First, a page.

An inspiring picture book about Rosa Bonheur, the most famous female painter of her century, published to coincide with the 200th anniversary of the artist’s birth
In a stunning ode to underrepresented women everywhere, award-winning illustrator Ruth Sanderson tells the untold story of French artist Rosa Bonheur in this picture book biography.
Rosa Bonheur was born in 1822 in France at a time when young women had limited options beyond being a wife and mother. But Rosa wouldn’t stand for this. She wore pants, rode horses astride, and often broke society’s rules. She wanted to be a famous painter just like her father. Female artists at the time were encouraged to paint domestic scenes of children and family, but Rosa was determined to capture the unbridled wild beauty of horses.
Her masterpiece The Horse Fair was eight feet high and sixteen feet wide. Rosa went on to become the most celebrated artist of her time with paintings purchased by art collectors, museums, and galleries around the world. With the decline in popularity of realistic painting, Rosa’s trailblazing story was almost forgotten.
Revel at the bravery and fortitude of young Rosa as you take in Ruth Sanderson’s immaculate rendition of her life and artistry.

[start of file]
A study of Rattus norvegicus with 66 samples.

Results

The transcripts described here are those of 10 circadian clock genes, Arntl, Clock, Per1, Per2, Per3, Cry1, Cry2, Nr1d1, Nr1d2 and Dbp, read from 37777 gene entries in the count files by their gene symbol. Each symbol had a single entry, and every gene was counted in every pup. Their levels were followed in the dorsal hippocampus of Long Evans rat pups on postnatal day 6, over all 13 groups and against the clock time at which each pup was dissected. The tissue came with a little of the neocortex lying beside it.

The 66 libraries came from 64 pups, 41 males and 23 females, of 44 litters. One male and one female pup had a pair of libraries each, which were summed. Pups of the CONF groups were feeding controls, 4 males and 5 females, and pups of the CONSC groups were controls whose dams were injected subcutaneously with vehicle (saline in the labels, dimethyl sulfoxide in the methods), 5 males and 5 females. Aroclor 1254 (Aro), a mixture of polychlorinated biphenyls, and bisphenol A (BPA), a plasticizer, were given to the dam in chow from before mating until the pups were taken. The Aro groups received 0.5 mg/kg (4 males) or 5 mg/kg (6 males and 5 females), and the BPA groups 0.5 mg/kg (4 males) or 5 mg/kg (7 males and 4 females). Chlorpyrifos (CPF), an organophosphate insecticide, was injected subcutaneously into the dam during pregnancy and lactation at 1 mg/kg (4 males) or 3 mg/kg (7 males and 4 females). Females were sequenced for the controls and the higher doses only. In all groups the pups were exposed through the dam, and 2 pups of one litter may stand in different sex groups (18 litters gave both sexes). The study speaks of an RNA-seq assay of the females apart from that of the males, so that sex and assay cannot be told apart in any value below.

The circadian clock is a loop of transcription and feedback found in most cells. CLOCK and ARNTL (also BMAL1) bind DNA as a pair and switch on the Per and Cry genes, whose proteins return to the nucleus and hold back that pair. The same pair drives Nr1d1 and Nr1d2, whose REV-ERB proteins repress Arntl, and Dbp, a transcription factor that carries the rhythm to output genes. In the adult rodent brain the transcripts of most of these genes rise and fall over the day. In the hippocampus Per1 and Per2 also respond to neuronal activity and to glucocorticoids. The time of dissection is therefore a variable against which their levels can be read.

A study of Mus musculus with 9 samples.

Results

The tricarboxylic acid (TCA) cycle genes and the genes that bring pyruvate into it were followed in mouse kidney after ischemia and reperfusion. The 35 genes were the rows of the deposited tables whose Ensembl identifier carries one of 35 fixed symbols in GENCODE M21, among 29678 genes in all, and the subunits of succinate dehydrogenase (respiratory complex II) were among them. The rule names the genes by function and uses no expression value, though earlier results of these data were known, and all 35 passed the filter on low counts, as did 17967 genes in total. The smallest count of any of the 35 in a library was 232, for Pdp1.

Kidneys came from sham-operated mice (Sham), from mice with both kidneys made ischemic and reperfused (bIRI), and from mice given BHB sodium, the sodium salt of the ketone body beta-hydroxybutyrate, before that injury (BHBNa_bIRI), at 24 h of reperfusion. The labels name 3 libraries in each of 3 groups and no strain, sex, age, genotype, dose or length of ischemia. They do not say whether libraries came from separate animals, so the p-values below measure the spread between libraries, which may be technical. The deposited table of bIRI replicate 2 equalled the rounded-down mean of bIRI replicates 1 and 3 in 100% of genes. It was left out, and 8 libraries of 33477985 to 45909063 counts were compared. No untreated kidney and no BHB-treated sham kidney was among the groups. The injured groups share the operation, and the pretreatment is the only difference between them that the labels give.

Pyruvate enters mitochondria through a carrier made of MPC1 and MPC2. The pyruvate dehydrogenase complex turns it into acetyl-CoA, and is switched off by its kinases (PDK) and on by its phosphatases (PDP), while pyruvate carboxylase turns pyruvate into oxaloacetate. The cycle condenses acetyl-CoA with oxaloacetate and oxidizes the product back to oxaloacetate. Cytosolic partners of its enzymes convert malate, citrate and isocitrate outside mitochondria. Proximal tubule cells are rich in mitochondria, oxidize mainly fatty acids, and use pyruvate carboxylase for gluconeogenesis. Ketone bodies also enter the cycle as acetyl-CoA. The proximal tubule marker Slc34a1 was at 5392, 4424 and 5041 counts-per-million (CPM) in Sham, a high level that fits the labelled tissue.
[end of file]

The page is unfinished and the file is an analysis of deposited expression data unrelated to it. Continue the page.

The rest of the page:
“Inspired by watching her father at work, young Rosa Bonheur dreamed of creating her own paintings and supporting herself someday. It was an unconventional, impractical notion in nineteenth-century France, but with her father’s guidance and her talent and determination, she succeeded. She was in her teens when her paintings were first exhibited at the Paris Salon. After receiving an exemption from the law forbidding women to wear men’s clothing so she could go unnoticed in men-only spaces, she learned anatomy not just from books, but by viewing skeletons at medical schools, visiting slaughterhouses, and attending horse markets where women were usually not allowed. The book showcases Bonheur’s creation of her masterpiece, The Horse Fair. Perhaps Sanderson, one of the few contemporary children’s book illustrators who sometimes paints in oils and often includes realistic depictions of animals, feels a kinship with Bonheur, who after extensive research and planning, spent a year ‘expressing her love of horses in oil paint on canvas’ (a reference to The Horse Fair). The book’s back matter includes a bibliography of books on drawing horses, reproductions of five Bonheur paintings, and a list of museums displaying her works worldwide. With a clearly written narrative and beautifully composed oil paintings, this picture book offers a memorable introduction to Rosa Bonheur.”